Journalists Explain Technique of Reconstruction

When a notable event occurs, a journalist can typically be found at the scene of the crime, vigilantly taking notes and getting interviews with eyewitnesses or figures of interest.  However, sometimes a journalist will take on the task of covering an event in which they are not afforded the luxuries of witnessing first-hand what transpired, and must learn to concurrently become a historian and journalist.

Last Wednesday, UC Irvine’s School of Humanities hosted two distinguished authors, Samuel G. Freedman and Miriam Pawel, both of who are well-versed in the art of reconstruction. Titled “In Retrospect: How Journalists Reconstruct the Past,” the event was the latest installment of the “Conversations on Writing and Public Life” series and was co-sponsored by both the History and Literary Journalism Departments.

UCI’s Literary Journalism Director and Professor Barry Siegel moderated the discussion and asked Freedman and Pawel to elaborate on their experiences in reconstructing past events. Siegel reasoned that journalism and history are a natural alliance for one another, as both professions often reconstruct the past and tell stories, but also noted that they are not without their differences.

“The darkest temptation of the historian is plagiarism, of journalists, fabrication. The historians are the ones most skittish about using first person singular, the journalists are the ones most sunburned on the nose,” Siegel said.

Pawel, who worked as a reporter for the Los Angeles Times for 25 years, has recently been hailed for her latest book, “The Crusades of Cesar Chavez,” as the first definitive biography of the civil rights icon. Having never met Cesar Chavez herself, Pawel explained that she immersed herself in researching everything she could possibly find about him.

“I had the task of reconstructing the life of someone I had never met, but I went into this knowing that there was such a wealth of archival material that I was going to be able to do what I wanted to do, which was write the book from primary sources,” Pawel said.

Fortunately for Pawel, Chavez had the presence of mind to document and record nearly everything that happened since becoming the leader of the United Farm Workers Union, with all of them conveniently stored within the archives of a library in Detroit. Pawel said she literally had hundreds of recorded interviews, conversations and other documents to draw from in her research. It was much more difficult for Pawel to find information about Chavez’s early life as both his parents were illiterate, but she turned toward school and property records to find the information she needed.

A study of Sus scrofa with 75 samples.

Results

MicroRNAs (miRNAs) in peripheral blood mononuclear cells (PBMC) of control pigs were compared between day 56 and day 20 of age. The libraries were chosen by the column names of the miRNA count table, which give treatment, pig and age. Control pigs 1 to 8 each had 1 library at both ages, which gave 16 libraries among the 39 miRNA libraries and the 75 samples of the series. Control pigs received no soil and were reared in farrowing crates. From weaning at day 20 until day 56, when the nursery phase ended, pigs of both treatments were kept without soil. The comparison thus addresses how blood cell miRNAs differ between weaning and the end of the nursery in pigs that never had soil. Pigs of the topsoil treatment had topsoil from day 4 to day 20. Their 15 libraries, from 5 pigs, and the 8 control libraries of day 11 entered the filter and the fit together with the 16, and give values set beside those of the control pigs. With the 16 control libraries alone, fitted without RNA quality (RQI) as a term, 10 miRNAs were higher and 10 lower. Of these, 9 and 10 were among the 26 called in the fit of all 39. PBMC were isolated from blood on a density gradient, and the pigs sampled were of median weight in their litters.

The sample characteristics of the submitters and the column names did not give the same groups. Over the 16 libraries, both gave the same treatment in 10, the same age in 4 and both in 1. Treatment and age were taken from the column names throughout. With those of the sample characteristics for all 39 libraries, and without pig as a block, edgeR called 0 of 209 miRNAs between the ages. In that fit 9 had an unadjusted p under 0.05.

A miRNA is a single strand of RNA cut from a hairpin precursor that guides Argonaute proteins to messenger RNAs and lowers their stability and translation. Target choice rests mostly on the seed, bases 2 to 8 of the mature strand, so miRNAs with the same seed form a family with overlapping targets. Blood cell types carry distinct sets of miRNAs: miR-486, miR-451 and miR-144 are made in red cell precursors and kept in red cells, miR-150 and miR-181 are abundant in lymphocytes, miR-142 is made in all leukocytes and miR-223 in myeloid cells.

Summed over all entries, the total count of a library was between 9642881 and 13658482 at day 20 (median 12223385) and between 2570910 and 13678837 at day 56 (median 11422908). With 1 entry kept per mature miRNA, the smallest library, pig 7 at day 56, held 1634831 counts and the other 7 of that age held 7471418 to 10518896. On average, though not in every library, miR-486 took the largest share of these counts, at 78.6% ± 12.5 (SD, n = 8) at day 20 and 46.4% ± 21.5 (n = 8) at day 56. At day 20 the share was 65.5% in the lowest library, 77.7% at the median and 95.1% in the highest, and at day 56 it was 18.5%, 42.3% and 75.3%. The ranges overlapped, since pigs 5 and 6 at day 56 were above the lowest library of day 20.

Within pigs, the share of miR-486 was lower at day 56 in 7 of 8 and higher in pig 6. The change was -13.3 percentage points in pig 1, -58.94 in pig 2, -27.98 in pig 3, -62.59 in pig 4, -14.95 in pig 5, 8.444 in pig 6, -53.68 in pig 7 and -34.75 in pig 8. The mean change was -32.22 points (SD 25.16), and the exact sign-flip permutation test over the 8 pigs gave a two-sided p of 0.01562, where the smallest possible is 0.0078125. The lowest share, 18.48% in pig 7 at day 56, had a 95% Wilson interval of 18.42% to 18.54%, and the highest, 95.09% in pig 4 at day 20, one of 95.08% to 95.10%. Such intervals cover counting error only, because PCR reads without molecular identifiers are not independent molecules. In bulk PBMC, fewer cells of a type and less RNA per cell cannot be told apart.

Despite conducting several interviews, Pawel was extremely adamant in refraining from using any direct quotes, as she questioned the reliability of their memory. More often than not, she found that the recorded audio of meetings contradicted what was told to her by her contacts.

Freedman, on the other hand, is not as fortunate as Pawel. A New York Times columnist and professor at the Columbia Graduate School of Journalism, he described his work as involving “the history of below” – non-famous people who do not leave records behind. His latest book, “Breaking the Line: The Season in Black College Football That Transformed the Game and Changed the Course of Civil Rights,” centers around black life during the era of segregation in the South.

Several of the sources Freedman discovered were unusable, as racist attitudes led to severely lackadaisical and inaccurate stories on black football games. According to Freedman, reporters often had the wrong box scores and wrong players, and to further racist views, the newspapers only published crime stories involving black men or women. There was a small amount of archival information that Freedman was able to use, and much like Pawel, he veered away from using direct quotes from those he interviewed. In his search to acquire as much documentation of black football games as possible, Freedman recalled asking people what they kept in their shoeboxes and attics in hopes of finding documents.

Since firsthand sources were unreliable, Freedman and Pawel spent hours triangulating between people’s memories and documents in order to create a line of interpretation that was objective and reasonable. They said that hours of research in the archives typically amounted to only a paragraph or two in their more than 90,000 word books.

“To do this work, you have to love the hunt. If you don’t love being in an archive all day, if you don’t love looking at all the scraps of paper, if you don’t love that then this isn’t the work for you. If you love it, then there isn’t anything like it,” Freedman said.

To conclude, Siegel asked the two guests if they had ever been tempted to sacrifice the accuracy of their reporting for drama as storytellers. Both authors replied with a resounding no.

“It’s all about your credibility, you cannot compromise the accuracy of your narrative,” Pawel said.

“The most important readership to me when I finished my first book is the people who were in it. The fact that they and the other people who lived through this period said, ‘Yes, you got it right!’ was the most important thing to me.”